Kidnapped enhancer activates cancer gene

Duplications of different-sized sections of DNA are often found in the genome. How this affects the organism has only been partially investigated. Depending on their location in the genome, such duplications can form new functional units, the so-called „topologically associated domains“ (TAD). These are DNA loops, which on average are one million base pairs long and contain one or more genes and their control elements. They control when and in which cells a gene is switched on or off.
Using a specially developed medical informatics method, the researchers systematically investigated the occurrence of gene duplications and the phenomenon of „enhancer kidnapping“ on 7,416 previously published cancer genes. They found that hijacking of foreign enhancer elements by carcinogenic genes is a common process in solid tumors, and have now shown this process for the first time in colorectal cancer and lung cancer. The scientists from the NCT Heidelberg, EMBL and the German Cancer Research Center (DKFZ) took a closer look at a well-known marker for particularly aggressive and chemotherapy-resistant cancer forms, the IGF2 gene (insulin-like growth factor 2). „We noticed that IGF2 was over 250 times more active in approximately 6 to 7 percent of colorectal cancer patients than in healthy control cells. And this, although the gene was not significantly more common in their DNA“, reports Professor Hanno Glimm, physician and scientist at the NCT, DKFZ and the German Cancer Consortium (DKTK). The scientists discovered in the analysis of the three-dimensional structure of the genome, why this genetic information was present so often: within one genetic region, IGF2 had doubled. This tandem structure created a new loop that brought IGF2 close to a whole group of enhancers, also known as the „super-enhancer“. The new constellation activated the IGF2 gene to a far greater extent than usual. The research results help to better understand cancer-inducing mechanisms, and can contribute to the development of more targeted therapies against tumors where these investigated changes play a role.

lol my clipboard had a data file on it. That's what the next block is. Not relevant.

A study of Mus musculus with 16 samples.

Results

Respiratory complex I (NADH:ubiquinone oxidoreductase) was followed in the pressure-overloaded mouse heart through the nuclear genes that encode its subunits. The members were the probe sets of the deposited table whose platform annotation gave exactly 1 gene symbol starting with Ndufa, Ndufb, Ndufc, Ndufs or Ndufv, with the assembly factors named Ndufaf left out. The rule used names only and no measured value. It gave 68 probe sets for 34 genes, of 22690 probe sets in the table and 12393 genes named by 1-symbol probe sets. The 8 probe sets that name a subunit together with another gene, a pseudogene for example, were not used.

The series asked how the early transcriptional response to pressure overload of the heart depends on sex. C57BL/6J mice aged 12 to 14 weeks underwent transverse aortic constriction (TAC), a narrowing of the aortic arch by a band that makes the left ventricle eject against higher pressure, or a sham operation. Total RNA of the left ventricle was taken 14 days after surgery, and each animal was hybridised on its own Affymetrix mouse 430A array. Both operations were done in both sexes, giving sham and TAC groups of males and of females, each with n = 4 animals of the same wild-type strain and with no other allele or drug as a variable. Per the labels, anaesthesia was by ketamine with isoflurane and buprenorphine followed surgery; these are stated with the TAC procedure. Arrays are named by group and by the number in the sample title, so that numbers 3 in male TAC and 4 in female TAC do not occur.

Nature Genetics has published the results of the study. The two corresponding authors are Hanno Glimm of the NCT Heidelberg and Jan O. Korbel of EMBL Heidelberg. The NCT Heidelberg is a joint institution of the German Cancer Research Center (DKFZ), the Heidelberg University Hospital and German Cancer Aid (Deutsche Krebshilfe).

This work was funded as an NCT 3.0. Project. Furthermore it was supported by the Network of Excellence of the European Commission, the BMBF, an European Research Council Starting Grant, by the Danish Medical Research Council, by the DFG, by the Baden-Württemberg-Foundation, by the Helmholtz Initiative iMed, by Horizon 2020, German Cancer Aid (Deutsche Krebshilfe), a SNSF Early Postdoc Mobility Stipendium, by an EMBO Long-Term Fellowship and by a DKFZ grant .

Weischenfeldt J et al. (2016) Pan-cancer analysis of somatic copy-number alterations implicates IRS4 and IGF2 in enhancer hijacking. Nature Genetics DOI: 10.1038/ng.3722

The following image for the press release is available for download free of charge:
The gene IGF2 (green) is duplicated in the DNA strand (duplicated region: orange). This results in a new three-dimensional structure that brings the cancer gene close to the enhancer elements (purple).

Note on use of images related to press releases
The use of this image is free of charge. The NCT Heidelberg permits one-time use in connection with the reporting on the topic of the press release. The following must be provided as picture credits: „Source: Hanno Glimm / Jan O. Korbel“.